NEWS
July 8, 2011 | By Inga Saffron, Inquirer Architecture Critic
When Philadelphia's big real estate developers find a neighborhood they like, they really dig in. Bart Blatstein has made himself the virtual lord of Northern Liberties with factory-style lofts and hip hangouts. Now Carl Dranoff is firmly on his way to becoming the boss of South Broad Street. Dranoff conquered two key corners there during the boom years, with the pink-hued Symphony House at Pine Street and the deco-inspired 777 at Fitzwater, and has plans for a development at Spruce Street.
NEWS
February 20, 2008 | By Alan J. Heavens INQUIRER REAL ESTATE WRITER
Snow began falling as afternoon slid into evening. With the lights of Center City twinkling around and below her, Jane Miles stood by the vast expanse of windows that line one side of her new 27th-floor condominium in Symphony House, watching. "The snowflakes look so big up here," she said, more than a little awe in her voice. "With all the cars whizzing by in the streets below, it's like being in another world. " A world high above Philadelphia that, even a few years ago, Miles and her husband would have been very exclusive residents of. But as condo towers grow more commonplace in the city, taller, well-heeled buyers are choosing to feather their nests in the clouds - or as close as several hundred feet above street level can get them.
BUSINESS
June 14, 2008 | By Jane M. Von Bergen INQUIRER STAFF WRITER
Developer Carl E. Dranoff speaks in fluent metaphor. There are the "pearls" . . . that would be the Symphony House condominiums his company built at Broad and Pine Streets and the $70 million "green" apartment project Dranoff Properties is building at Broad and Fitzwater Streets. Groundbreaking on 777 South Broad Street, a 146-unit luxury building with retail on the ground floor, is set for Thursday. Dranoff has his eyes on other pearly parcels along the string of South Broad Street known as the Avenue of the Arts.
NEWS
April 14, 2011 | By Paul Nussbaum, Inquirer Staff Writer
The developer of the Victor Lofts apartment building on the Camden waterfront has put off repayment of a $3 million loan to the Delaware River Port Authority because he's short on cash. The agency lent $3 million to Victor Associates in 2003, interest-free until 2009. The money was part of a $52 million financing package assembled by developer Carl E. Dranoff to convert the historic RCA Victor "Nipper Building" into 341 upscale apartments overlooking the Delaware River and the Philadelphia skyline.
NEWS
June 9, 2013 | By Helen Ubinas, Daily News Columnist
I STOPPED by the super swank Symphony House residences yesterday to have a chat with Richard Basciano about his killer building. "Is he expecting you?" the cranky concierge asked. Well, I didn't know if the owner of the crumbling building that flattened a neighboring Salvation Army thrift store was expecting me . But he should've been expecting someone - like officials from the city seeking answers about his choice of a discount demolition crew, for starters. Basciano's company paid some insta-demolition crew $10,000 for a job demo experts said should have cost closer to $250,000.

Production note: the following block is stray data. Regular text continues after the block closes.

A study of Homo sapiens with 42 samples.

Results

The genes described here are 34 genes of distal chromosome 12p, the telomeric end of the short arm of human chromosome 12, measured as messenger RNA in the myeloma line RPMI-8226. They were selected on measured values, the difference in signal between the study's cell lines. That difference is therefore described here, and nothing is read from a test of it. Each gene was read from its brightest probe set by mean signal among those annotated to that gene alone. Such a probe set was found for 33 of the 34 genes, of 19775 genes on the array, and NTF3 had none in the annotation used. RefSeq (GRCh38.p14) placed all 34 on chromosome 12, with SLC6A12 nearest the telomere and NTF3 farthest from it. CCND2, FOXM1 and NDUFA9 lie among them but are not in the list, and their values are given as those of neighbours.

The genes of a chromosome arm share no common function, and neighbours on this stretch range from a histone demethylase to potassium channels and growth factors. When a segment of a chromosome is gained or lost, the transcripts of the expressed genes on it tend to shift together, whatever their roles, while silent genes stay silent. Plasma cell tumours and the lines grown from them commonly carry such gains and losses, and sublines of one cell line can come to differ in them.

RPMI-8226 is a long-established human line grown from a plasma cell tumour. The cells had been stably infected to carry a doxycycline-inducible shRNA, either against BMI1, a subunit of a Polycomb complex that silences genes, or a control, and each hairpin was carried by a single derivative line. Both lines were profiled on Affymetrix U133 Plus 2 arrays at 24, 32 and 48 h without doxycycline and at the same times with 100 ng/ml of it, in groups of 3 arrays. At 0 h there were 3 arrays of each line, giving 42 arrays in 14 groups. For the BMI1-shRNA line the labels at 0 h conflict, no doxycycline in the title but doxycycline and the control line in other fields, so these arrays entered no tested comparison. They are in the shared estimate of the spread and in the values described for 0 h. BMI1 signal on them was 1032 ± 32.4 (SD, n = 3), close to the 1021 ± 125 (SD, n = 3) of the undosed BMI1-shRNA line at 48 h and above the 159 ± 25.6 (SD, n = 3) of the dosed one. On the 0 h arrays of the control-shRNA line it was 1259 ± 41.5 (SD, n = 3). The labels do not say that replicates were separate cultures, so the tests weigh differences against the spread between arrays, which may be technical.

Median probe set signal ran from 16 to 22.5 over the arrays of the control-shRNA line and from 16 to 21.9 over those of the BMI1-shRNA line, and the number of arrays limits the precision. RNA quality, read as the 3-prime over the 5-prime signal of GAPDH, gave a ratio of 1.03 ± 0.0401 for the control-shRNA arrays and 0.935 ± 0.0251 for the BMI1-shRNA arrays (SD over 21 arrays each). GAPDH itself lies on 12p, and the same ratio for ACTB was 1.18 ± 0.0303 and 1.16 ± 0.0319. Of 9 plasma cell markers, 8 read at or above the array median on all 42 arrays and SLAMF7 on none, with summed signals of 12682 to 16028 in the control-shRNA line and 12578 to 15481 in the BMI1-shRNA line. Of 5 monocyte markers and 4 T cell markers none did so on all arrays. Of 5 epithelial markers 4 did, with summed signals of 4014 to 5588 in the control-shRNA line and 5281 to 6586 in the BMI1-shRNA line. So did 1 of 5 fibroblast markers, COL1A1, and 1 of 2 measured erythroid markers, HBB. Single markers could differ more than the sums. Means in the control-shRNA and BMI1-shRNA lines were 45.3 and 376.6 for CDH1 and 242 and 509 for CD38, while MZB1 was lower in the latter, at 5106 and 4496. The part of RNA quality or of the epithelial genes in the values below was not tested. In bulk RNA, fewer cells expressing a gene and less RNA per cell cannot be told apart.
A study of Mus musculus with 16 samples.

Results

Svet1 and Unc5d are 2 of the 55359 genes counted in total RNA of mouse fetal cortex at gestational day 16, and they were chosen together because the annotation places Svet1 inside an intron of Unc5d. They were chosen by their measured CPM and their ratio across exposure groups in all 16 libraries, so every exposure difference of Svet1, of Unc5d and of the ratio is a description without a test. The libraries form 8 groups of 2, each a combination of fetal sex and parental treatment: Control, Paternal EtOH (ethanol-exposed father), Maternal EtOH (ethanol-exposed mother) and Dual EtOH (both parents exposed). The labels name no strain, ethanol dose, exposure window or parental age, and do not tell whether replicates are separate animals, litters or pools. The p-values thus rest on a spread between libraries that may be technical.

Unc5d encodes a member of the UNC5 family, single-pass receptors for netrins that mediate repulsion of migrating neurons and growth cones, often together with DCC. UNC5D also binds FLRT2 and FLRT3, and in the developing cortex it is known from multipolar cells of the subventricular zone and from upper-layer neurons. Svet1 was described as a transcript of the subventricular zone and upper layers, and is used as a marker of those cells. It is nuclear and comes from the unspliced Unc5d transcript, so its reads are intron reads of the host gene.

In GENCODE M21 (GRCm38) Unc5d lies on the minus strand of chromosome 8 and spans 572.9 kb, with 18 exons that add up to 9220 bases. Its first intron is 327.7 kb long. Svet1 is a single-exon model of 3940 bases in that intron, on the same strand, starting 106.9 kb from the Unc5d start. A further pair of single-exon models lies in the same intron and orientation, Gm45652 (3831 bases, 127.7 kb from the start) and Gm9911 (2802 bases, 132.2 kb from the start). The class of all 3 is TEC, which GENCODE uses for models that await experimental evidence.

NEWS
March 29, 2013
Here are some of architecture critic Inga Saffron's blog posts from the last week. You can see others at www.philly.com/philly/blogs/changing-skyline . Workplace squatters at Glaxo I went down to the Philadelphia Navy Yard yesterday [March 21] to take a look at the architecture of the new GlaxoSmithKline building, but what really caught my eye were the desks, er, workspaces. Glaxo's new offices are organized around the concept of hoteling, where employees aren't assigned their own desk or cubicle.
REAL_ESTATE
February 27, 2011 | By Al Heavens, Inquirer Columnist
Blue skies and a high of 62 degrees on Feb. 14 were hardly what one would have expected this winter, but they were definitely a treat for Marianne Harris. As director of sales, leasing, and marketing for Dranoff Properties, Harris and her boss, Carl Dranoff, had chosen that day for "the first annual Valentine's Day Progressive Luncheon," to show the developer's buildings in Center City and University City. "I can't believe how lucky we were," she said at the front door of 777 South Broad, Dranoff's newest luxury rental building, which opened March 25. Inside, real estate agents and brokers, many from Main Line offices, dined on bow-tie and tortellini pasta prepared to order, then toured the models, common areas, and fitness and storage facilities.
NEWS
February 15, 2014
Campfire passions Many think of the soldiers at the 1777-78 Valley Forge encampment as being miserable, hungry men wearing ragged clothing and huddled around meager campfires. But many soldiers burned with passion for their country - and for their wives. As 21-year-old Maj. Samuel Ward Jr. of Rhode Island, a newlywed, wrote to his wife Phebe from camp, "The frequent opportunities that offer of conversing with you and the expectation of soon holding you again in my arms makes me very happy.
BUSINESS
March 21, 2013 | By Joseph N. DiStefano, Inquirer Staff Writer
Osage Partners of Philadelphia, Greycroft Partners of Los Angeles, and MissionOG of Devon, say they have invested $3.2 million in Center City-based PeopleLinx , a firm that helps companies give their workers' LinkedIn accounts a standard corporate look and uses LinkedIn data to boost sales. PeopleLinx, which counts FMC Corp. , Firstrust Bank and Prudential among its clients, was set up by LinkedIn veterans Nathan Egan and Patrick Baynes . It will use the new cash to add to its staff of 13 full-time employees and about 25 contractors, says Egan, a Cornell grad and onetime specialty chemical salesman.